If you reside in one of the areas recently devastated by a hurricane, wildfire or another natural disaster, or own investment property in one of those places, you may be able salvage some tax relief. Federal tax laws allow victims of disasters to claim casualty losses of personal property on their tax returns, although the write-offs are limited. What's more, if you suffer a loss in a designated disaster area and you're due a tax refund, you may be able to speed up its arrival.
Generally, you're eligible to claim a casualty loss caused by an event that is "sudden, unusual, or unexpected." This, of course, includes natural disasters such as hurricanes, fires, tornados, floods, earthquakes, and the like. But no deduction is allowed for normal "wear and tear" of property over time. Your casualty losses for the year, including any losses due to theft or vandalism, are grouped on your tax return.
However, after you've subtracted any insurance reimbursements, the deduction for the remaining damages is subject to these two rules.
- You can deduct only the amount that exceeds 10% of your adjusted gross income (AGI), and that is after...
- You reduce the loss for each event by $100.
Suppose you own an apartment building in Houston that was destroyed by Hurricane Harvey and your unreimbursed loss was $50,000. If your AGI for 2017 is $100,000, your deductible loss is limited to the amount by which it exceeds 10% of AGI—$10,000—leaving you with $40,000 minus $100, or $39,900.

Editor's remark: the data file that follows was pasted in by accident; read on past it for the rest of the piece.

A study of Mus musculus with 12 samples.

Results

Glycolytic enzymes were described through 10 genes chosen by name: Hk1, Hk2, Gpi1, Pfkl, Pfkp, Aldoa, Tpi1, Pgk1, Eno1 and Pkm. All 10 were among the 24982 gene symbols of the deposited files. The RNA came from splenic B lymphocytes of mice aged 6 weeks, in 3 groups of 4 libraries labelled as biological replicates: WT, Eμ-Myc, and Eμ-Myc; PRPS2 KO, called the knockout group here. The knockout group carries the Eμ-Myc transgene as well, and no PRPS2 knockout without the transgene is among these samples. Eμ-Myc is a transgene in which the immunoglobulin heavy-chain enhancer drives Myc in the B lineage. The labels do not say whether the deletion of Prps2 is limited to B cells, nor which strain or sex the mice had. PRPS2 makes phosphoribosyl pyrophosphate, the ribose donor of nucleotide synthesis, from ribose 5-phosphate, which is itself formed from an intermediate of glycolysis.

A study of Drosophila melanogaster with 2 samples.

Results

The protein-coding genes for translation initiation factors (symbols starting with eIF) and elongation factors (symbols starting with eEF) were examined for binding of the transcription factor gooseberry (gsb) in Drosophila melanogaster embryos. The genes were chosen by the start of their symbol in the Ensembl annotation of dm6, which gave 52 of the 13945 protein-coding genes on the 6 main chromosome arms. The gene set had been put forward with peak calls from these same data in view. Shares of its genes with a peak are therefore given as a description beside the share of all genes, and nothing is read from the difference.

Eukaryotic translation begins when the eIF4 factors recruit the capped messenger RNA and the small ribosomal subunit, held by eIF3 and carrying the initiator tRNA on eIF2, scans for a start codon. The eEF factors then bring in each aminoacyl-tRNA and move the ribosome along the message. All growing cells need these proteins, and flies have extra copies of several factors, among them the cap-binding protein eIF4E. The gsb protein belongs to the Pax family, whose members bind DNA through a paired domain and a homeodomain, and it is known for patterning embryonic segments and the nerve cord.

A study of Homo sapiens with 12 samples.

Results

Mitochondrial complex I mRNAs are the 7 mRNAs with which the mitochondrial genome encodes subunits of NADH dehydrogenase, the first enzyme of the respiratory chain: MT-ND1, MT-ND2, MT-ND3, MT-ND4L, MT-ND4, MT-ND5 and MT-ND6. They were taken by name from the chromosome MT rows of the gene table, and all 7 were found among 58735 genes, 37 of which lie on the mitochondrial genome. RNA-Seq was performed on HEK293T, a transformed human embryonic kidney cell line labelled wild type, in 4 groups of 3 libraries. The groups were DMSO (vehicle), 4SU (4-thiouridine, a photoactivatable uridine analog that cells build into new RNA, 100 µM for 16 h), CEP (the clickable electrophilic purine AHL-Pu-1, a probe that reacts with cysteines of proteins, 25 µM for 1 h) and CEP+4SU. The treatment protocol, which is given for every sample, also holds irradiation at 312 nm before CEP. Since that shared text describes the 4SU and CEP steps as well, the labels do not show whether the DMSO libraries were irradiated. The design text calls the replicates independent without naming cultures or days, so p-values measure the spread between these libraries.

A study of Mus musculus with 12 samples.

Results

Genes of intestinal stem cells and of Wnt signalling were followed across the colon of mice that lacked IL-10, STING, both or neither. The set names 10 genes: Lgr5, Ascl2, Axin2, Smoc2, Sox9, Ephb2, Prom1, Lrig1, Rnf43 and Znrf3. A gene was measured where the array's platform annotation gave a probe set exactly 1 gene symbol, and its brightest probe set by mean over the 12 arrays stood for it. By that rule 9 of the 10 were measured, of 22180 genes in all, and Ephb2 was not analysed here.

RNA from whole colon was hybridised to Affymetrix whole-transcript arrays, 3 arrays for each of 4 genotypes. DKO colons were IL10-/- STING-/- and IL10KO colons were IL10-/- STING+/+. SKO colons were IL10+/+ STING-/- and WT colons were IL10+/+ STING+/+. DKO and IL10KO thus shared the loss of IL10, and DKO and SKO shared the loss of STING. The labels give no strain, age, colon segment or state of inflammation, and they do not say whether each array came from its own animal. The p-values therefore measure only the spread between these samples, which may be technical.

Because the IRS often challenges deductions that appear to be inflated, it's important to obtain an independent appraisal of damage to your real estate or other property by a reputable third party.
Compared with those who have suffered regular casualty and theft losses, people in federally designated disaster areas can obtain faster relief. Normally, you claim a casualty loss on the tax return for the tax year in which it occurred. However, a disaster-area loss may be deducted on a return for the year preceding the tax year of the event.
So, in the example involving Hurricane Harvey, instead of waiting to file your 2017 tax return—due by April 15, 2018—to claim your loss, you could file an amended tax return for 2016, and your refund would be sent to you within a matter of weeks.
Similarly, if you suffer a disaster-area loss early in 2018, you don't have to wait until you file your 2018 return in 2019 to claim the loss. You can opt to take it on the 2017 return you'll file in 2018.
These tax rules are designed to provide people who have casualty losses with a measure of relief to help them get back on their feet. Review these rules with your professional advisers if your personal property is damaged or destroyed.